Scientists reconsider accidental lab leak theory as COVID-19 origins remain unclear

Science & Health

While the dominant origins theory for COVID-19 involves a natural source and no laboratories, the exact way that the pandemic began remains unknown. Some prominent scientists are becoming more skeptical of China’s denials of a lab leak, and want to see more records from the Wuhan Institute of Virology.

REUTERS/Thomas Peter

The dominant theory of the origins of SARS-CoV-2, the virus that causes COVID-19, has remained virtually unchanged for more than a year: An animal, probably a bat in southwestern China or Southeast Asia, infected another animal that then infected a human, probably in Wuhan, China.

  • The location of the original source animal, type of intermediate species, and exact location and timing of “patient zero” are unknown and difficult, perhaps impossible, to pin down.
  • A “Phase 1” report from the World Health Organization’s inquiry into the pandemic’s origins, released in March, yielded no profound new insights. The investigators essentially affirmed the dominant theory and said more data was needed.
  • However, the WHO director-general, Tedros Adhanom Ghebreyesus, gave unexpected remarks that the report did not conduct “extensive enough” research into the possibility that a lab leak might have been involved.

Earlier this month, a group of 18 scientists agreed with Tedros. Writing in Science Magazine, they criticized the WHO report for devoting “only 4 of [its] 313 pages” to the “possibility of a laboratory accident.” They urged:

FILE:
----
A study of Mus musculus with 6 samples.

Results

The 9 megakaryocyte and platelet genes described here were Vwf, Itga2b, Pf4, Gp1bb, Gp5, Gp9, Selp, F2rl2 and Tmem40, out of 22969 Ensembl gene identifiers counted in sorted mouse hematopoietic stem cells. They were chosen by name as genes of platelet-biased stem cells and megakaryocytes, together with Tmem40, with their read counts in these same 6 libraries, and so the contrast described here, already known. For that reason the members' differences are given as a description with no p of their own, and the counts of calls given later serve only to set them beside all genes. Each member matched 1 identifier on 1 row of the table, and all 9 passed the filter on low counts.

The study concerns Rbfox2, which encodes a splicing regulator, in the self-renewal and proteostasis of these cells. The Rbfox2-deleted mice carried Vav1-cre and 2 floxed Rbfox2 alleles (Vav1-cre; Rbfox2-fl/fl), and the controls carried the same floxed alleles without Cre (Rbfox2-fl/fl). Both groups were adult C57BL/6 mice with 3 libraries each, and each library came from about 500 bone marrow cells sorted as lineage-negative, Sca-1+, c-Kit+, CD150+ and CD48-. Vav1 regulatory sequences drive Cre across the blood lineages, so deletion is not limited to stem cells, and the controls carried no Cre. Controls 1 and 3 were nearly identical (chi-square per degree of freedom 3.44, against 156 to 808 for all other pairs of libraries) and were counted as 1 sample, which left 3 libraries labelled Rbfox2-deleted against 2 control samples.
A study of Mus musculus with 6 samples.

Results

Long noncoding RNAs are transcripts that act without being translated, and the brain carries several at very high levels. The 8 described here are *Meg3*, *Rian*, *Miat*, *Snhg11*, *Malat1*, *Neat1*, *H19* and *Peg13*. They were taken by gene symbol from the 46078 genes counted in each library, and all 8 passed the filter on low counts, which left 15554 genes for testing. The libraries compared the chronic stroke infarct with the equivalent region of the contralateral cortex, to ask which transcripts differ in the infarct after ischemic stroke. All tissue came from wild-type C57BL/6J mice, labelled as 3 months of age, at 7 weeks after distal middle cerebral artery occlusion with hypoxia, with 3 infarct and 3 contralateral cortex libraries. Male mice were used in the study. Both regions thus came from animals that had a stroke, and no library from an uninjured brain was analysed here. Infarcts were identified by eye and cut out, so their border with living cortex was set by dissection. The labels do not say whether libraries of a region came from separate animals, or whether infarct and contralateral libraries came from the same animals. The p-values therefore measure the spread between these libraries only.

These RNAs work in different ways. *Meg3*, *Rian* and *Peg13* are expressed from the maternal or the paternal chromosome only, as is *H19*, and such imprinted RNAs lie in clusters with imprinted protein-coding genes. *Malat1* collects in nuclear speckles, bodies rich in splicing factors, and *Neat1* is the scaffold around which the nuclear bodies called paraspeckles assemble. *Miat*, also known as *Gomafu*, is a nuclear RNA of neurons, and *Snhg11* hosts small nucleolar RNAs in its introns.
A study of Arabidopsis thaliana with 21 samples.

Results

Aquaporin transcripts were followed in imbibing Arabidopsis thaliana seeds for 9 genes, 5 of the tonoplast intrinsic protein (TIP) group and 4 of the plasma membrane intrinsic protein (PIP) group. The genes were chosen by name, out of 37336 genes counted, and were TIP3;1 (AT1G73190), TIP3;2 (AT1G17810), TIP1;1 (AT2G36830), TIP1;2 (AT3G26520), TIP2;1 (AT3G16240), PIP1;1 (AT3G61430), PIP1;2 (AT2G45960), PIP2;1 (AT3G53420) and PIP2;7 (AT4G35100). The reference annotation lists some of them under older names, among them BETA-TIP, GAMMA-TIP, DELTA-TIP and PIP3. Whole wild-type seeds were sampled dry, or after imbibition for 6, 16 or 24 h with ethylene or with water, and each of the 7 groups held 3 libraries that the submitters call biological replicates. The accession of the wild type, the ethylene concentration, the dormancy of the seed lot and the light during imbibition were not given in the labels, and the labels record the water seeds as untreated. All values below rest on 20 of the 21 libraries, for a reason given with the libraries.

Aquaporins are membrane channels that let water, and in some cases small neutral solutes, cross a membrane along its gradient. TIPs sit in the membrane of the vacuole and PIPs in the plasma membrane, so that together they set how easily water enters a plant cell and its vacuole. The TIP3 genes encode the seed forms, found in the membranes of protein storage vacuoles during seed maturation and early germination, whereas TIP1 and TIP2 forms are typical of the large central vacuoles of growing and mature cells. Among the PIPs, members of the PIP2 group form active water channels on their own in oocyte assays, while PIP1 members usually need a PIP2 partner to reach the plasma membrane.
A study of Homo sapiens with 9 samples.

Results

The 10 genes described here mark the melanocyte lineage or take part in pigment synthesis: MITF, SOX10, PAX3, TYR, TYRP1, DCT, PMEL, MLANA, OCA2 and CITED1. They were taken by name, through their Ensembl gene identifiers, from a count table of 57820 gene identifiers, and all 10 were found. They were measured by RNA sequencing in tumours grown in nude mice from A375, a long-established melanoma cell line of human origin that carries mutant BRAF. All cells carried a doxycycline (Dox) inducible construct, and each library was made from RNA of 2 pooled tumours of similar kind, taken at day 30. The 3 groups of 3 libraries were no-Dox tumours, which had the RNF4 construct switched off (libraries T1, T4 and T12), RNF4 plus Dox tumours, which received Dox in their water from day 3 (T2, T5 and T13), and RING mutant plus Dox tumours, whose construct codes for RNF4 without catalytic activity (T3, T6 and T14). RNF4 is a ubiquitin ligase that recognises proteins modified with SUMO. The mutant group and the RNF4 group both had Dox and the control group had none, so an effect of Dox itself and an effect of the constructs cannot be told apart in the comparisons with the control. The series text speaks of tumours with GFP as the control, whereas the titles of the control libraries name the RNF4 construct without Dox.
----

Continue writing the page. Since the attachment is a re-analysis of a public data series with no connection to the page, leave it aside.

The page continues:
We must take hypotheses about both natural and laboratory spillovers seriously until we have sufficient data…Public health agencies and research laboratories alike need to open their records to the public.

One of those scientists is Ralph Baric, a microbiologist at the University of North Carolina, who has worked closely with the Wuhan Institute of Virology — the place that some suspect could have had a lab leak incident.

  • “A rigorous investigation would have reviewed the biosafety level under which bat coronavirus research was conducted at WIV,” Baric told the Wall Street Journal, criticizing the limited access that China gave investigators when they visited Wuhan.
  • Shí Zhènglì 石正丽, the leading bat coronavirus expert at WIV, has long denied that the genetic sequences of any viruses she studied were similar to the pandemic strain, and insisted that there have been “zero infections” and no lab leaks at WIV.
  • Peter Ben Embarek, the WHO team lead, told the WSJ that his understanding is WIV “never succeeded to culture a virus out of the bat feces sample” that it had gathered during research in southwest China — and the genetic code of that sample was very distinct from SARS-CoV-2 anyway.

But several other leading scientists have become more skeptical of WIV in recent months, the WSJ says, including Ian Lipkin, an infectious-disease specialist at Columbia University, and James Le Duc, the former director of the Galveston National Laboratory, a top U.S. biocontainment facility.

  • Additionally, while laboratory manipulation of a coronavirus is generally thought to have “clear genetic signatures” — 27 scientists last year wrote it was a “conspiracy theory” to suggest SARS-CoV-2 did not have a natural origin — some scientists disagree and say “more modern techniques can leave no trace.”

The fight over Phase 2 investigation

The next steps in the search for the pandemic’s origins are being hashed out in part this week, at the World Health Assembly. At the WHA, U.S. Health and Human Services Secretary Xavier Becerra “said future studies into the origins of the COVID-19 pandemic needed to be transparent and respect the independence of scientists,” per the SCMP, while China has rejected “fresh calls for consideration of [the] lab leak theory.”

  • WHO’s Ben Embarek told the WSJ that his team has recommended “antibody tests and surveys of people and animals” around an abandoned mine in southwest China with bats known to contain a virus most closely related to SARS-CoV-2. But the “timeline is still, still not clear.”